Kate Middleton has borne the brunt of some online trolling after her appearance at The National Service of Remembrance this past Sunday, with many commenting how her face looked ‘tired and rundown,’ how she is ‘aging terribly’ and that she looks ‘tired and fed up’.
Princess Kate is 41! She is also a working mom of three who was pictured attending a very somber occasion, so she has a reason to look ‘tired and fed up.’ At least we can see her expressions and read her feelings in her face. I personally thought that she looked beautiful, smart and dignified.
The problem is that we are just not used to seeing what real aging looks like anymore. Instead, we have become accustomed to scrolling through overly filtered faces on Instagram and Tik Tok, and smooth, crease-free, expressionless complexions have become the norm. So when we are faced with a woman like Kate, who has a few lines and shows her emotions and expressions in her face, she automatically looks ‘tired, old and sad.’
It is not surprising that our perception of age is becoming so warped. And technology plays a big role in that. Seemingly flawless Instagram models and influencers boast unattainable features that are challenging to achieve for a teenager, let alone for someone in their forties or beyond. And now we also have the added popularity of AI beauty influencers like Lil Miquela and Milia Sofia who look human at first glance, but actually only exist in the metaverse. In fact, according to some studies, some people even think that these computer generated influencers look more real than actual human faces.
As a 47 year old Beauty Editor and mom of 2, I, too, just like Kate, show my feelings on my face and I am proud of it! In fact, I have been rebelling from this warped reality of beauty for a few years now. I used to work at magazines, directing unretouched beauty and cover shoots that portrayed real beauty without the distortion of a face-slimming filter or re-touch pen. And like Kate, I have also experienced ageist trolling thanks to my expression-full face that, dare I say it, looks its age. One of my followers even commented that I ‘need to not make those wrinkles on your forehead while you talk’ because it is ugly.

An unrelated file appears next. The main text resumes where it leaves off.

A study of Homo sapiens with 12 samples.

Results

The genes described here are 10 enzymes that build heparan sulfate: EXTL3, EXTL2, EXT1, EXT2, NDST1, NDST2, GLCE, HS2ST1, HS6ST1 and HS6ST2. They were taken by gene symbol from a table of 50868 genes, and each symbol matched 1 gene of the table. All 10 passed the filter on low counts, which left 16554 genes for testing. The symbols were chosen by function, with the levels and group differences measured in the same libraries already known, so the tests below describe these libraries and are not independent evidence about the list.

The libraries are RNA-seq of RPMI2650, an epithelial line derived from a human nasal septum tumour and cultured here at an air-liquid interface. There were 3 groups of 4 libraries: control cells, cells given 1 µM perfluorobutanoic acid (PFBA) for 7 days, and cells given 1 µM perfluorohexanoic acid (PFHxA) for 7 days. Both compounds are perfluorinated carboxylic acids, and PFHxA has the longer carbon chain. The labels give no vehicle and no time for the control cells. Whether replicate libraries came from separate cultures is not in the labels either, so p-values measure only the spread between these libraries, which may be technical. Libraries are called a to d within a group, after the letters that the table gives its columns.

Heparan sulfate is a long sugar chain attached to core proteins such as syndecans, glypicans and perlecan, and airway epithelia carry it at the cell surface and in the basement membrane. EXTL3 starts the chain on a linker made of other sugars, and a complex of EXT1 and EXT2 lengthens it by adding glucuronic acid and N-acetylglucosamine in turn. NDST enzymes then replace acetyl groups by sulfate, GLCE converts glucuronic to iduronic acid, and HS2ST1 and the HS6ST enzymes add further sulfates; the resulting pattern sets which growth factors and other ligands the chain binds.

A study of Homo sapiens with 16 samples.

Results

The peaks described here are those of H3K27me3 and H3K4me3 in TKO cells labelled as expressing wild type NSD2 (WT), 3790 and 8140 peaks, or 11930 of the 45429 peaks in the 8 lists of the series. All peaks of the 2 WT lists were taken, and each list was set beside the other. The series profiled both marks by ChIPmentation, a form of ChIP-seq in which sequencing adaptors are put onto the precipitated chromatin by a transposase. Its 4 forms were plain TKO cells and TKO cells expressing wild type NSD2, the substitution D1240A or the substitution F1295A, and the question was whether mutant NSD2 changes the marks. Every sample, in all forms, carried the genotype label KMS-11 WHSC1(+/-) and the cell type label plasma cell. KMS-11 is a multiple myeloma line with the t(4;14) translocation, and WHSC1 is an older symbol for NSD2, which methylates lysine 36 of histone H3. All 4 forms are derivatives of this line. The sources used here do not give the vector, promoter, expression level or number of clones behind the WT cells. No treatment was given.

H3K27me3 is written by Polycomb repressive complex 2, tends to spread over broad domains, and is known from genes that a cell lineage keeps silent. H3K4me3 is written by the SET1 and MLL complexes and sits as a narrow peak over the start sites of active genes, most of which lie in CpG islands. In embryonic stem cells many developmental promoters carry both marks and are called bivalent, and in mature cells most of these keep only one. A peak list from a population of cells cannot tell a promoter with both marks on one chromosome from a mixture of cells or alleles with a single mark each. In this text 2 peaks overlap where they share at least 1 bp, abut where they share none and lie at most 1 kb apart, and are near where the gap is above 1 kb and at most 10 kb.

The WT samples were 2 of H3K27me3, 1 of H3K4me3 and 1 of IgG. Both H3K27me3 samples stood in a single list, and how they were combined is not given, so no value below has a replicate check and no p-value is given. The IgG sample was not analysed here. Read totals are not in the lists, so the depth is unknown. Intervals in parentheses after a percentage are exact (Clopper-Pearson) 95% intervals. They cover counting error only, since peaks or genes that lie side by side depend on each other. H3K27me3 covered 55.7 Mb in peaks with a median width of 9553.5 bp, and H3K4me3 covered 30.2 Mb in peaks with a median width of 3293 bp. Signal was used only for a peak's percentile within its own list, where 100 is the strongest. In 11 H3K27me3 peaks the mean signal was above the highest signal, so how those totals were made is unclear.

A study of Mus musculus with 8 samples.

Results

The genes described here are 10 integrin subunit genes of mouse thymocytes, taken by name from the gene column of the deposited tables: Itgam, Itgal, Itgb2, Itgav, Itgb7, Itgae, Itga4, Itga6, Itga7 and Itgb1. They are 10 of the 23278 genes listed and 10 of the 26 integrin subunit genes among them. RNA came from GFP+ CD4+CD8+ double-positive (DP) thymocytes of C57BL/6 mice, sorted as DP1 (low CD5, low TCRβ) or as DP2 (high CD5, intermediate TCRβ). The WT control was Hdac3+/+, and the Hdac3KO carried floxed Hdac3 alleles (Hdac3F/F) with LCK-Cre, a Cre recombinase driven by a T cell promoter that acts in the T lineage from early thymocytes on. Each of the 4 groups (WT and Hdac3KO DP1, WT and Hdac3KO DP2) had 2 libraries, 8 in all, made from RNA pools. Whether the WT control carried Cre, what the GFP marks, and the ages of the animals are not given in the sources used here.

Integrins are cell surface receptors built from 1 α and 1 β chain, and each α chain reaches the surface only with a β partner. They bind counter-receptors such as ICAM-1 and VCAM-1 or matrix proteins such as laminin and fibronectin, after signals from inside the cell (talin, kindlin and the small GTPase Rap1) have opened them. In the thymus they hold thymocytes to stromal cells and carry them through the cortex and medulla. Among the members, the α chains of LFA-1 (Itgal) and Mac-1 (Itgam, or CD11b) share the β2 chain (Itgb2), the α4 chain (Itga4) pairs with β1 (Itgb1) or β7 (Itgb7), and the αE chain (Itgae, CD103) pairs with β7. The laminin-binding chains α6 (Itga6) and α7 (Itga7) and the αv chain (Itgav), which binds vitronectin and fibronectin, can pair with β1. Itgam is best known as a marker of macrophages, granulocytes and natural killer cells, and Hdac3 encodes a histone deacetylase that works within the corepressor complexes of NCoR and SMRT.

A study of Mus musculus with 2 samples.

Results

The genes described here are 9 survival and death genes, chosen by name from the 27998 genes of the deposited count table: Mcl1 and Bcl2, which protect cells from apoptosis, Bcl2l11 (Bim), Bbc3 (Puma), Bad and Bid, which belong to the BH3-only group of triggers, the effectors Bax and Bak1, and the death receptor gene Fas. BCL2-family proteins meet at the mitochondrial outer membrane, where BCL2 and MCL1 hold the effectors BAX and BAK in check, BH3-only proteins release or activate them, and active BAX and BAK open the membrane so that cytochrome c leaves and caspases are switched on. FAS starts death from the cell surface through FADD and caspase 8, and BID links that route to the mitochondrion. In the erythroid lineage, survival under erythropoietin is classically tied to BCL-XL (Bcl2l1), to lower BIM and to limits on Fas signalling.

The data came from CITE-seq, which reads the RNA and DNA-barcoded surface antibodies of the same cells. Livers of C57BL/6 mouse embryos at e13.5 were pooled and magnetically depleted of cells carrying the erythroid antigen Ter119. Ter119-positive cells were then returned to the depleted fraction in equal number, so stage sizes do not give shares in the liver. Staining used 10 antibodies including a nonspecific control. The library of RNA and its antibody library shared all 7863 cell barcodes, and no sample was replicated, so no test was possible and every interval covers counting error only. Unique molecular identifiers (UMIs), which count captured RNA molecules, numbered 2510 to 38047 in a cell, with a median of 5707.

The good news is that I am not the only one becoming frustrated with these unrealistic beauty standards as the beauty industry seems to be embracing a more ‘normal’ stance on aging too.
Just this week, Oscar-winning British actress Helen Mirren, 78 joined forces with L’Oreal Paris to front their British ‘We’re Age Perfect’ campaign which celebrates the joy of being the best version of you at whatever age you are. And 58-year-old Sarah Jessica Parker, who is an ambassador for RoC skincare, has also voiced her frustrations with society’s obsession with women and aging. In an interview with Vogue Paris, she said: "I don't see the point of trying to suspend time…At times I have the impression that others may be more concerned about my appearance, which is rather strange. Like the fact that I have wrinkles or white hair...One day I was sitting next to a very close friend, a woman younger than me. I wasn't wearing any make-up, my hair was pulled back in a bun, with some gray hair, and it caused quite a fuss.”
So I am thankful for women like Kate, Helen and Sarah for proving to us all that aging can really be a sign of beauty, and not something to hide or be ashamed of. Those expressions that we saw on Kate’s face last week showed not just her age but her strength, resilience, compassion and warmth as well. In a society where youth is the ultimate goal, it’s time to change the narrative. And I am here for it!